How will the growth of tourism today affect the islands and their communities tomorrow?
Tourism in rural Scotland is vital for the survival of communities. Over the last decade and particularly post-pandemic there have been growing trends in responsible tourism, and the travellers’ desire for authentic experiences.
Figures from a 2022 Sustainable Travel Report by Booking.com suggested 57% of UK travellers planned to prioritise sustainable travel that year, an increase of 27% on 2021.
On the subject of conscious travel choices 63% of travellers want to experience the local culture, and a further 55% aim to leave the places they visit in a better condition than when they arrived. Encouraging stats.
Tourism has the power to change places and the lives of its people – for better or worse. Left unchecked tourism growth can harm the places that we love.
Rather than prioritising exponential visitor growth, we must consider the bigger picture if our islands are to thrive. This means thinking about tourism’s long-term environmental and human impacts. Put simply, how will the development of tourism today affect the health of the islands and their communities tomorrow?
Developing the digital skills of island communities towards a more secure future
The shut down of tourism in 2020 was a stark wake-up call for many island businesses and communities. Without tourists or an online presence they had no means of generating alternative income.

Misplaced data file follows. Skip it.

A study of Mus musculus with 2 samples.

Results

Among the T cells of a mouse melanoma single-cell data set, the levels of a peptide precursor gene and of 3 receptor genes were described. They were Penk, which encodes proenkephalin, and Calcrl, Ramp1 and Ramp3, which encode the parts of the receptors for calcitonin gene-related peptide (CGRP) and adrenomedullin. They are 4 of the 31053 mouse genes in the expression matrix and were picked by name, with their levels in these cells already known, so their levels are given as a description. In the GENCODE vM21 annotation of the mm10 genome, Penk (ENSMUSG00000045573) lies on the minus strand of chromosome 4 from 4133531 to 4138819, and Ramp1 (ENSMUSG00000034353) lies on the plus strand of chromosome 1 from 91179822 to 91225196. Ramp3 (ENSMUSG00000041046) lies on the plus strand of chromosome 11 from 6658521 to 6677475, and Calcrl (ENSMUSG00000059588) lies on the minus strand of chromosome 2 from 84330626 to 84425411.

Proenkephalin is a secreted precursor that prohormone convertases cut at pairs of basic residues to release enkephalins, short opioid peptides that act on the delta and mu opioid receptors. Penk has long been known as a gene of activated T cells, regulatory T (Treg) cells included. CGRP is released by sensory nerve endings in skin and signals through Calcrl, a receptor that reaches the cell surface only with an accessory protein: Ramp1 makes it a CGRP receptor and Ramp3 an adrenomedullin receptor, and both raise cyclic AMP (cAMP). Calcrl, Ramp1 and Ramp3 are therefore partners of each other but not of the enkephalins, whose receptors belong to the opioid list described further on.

With a digital presence we’re able to drive new business opportunities and strengthen the success of island economies. We can help communities and businesses prepare for the “what-ifs” and mitigate adverse impacts. To strengthen their ability and response to natural disasters, economic downturns, and other unforeseen events. An absolute must in securing our future, as the whole world now exists online.
The profit from your isleHoliday booking is helping us drive the change. We are creating digital jobs and delivering digital training to island entrepreneurs and community groups who could not otherwise afford to access it.
Join us in our quest towards responsible tourism, a force for good.
The impact of Short Term Lets on island communities
Another major challenge faced by rural island communities nowadays is the lack of affordable housing, making it difficult to retain tourism talent, or to attract teachers and emergency service workers required for societal needs.
The increase of ‘Short Term Let’ properties has resulted in a decrease of available residential properties. Though the rental income from Short Term Lets is valuable to property owners, it’s at the detriment of the local communities where housing is at a premium.
In 2021 research conducted in Tiree (where IsleHoliday is based) concluded that 46% of properties were not primary residences. Of those, 29% were short term lets owned by people who live off-island, and 5% were short term lets owned by island residents. The remainder were private holiday homes.
When you consider only 54% of properties on Tiree are permanent residences, it’s quite an astounding figure. This trend is mirrored in other islands, notably Skye, Mull and Harris.
So, whilst tourism is one of the key pillars of Highland and Island economies, market values and the lack of properties available to community residents is actively contributing to depopulation. If this trend continues, we will undermine our tourism economy.
In 2022 reports from UK Hospitality Scotland confirmed that 84% of businesses were suffering from a lack of front-of-house staff including bar, reception and waiting staff. This issue is particularly visible in smaller communities, and impacts hugely on the capacity of local businesses to harness the full potential of the holiday season.
At isleHoliday we are shining a light on the issues surrounding rural housing. Though we cannot single handedly fix the problem we are using our voice to talk about the issue and raise awareness.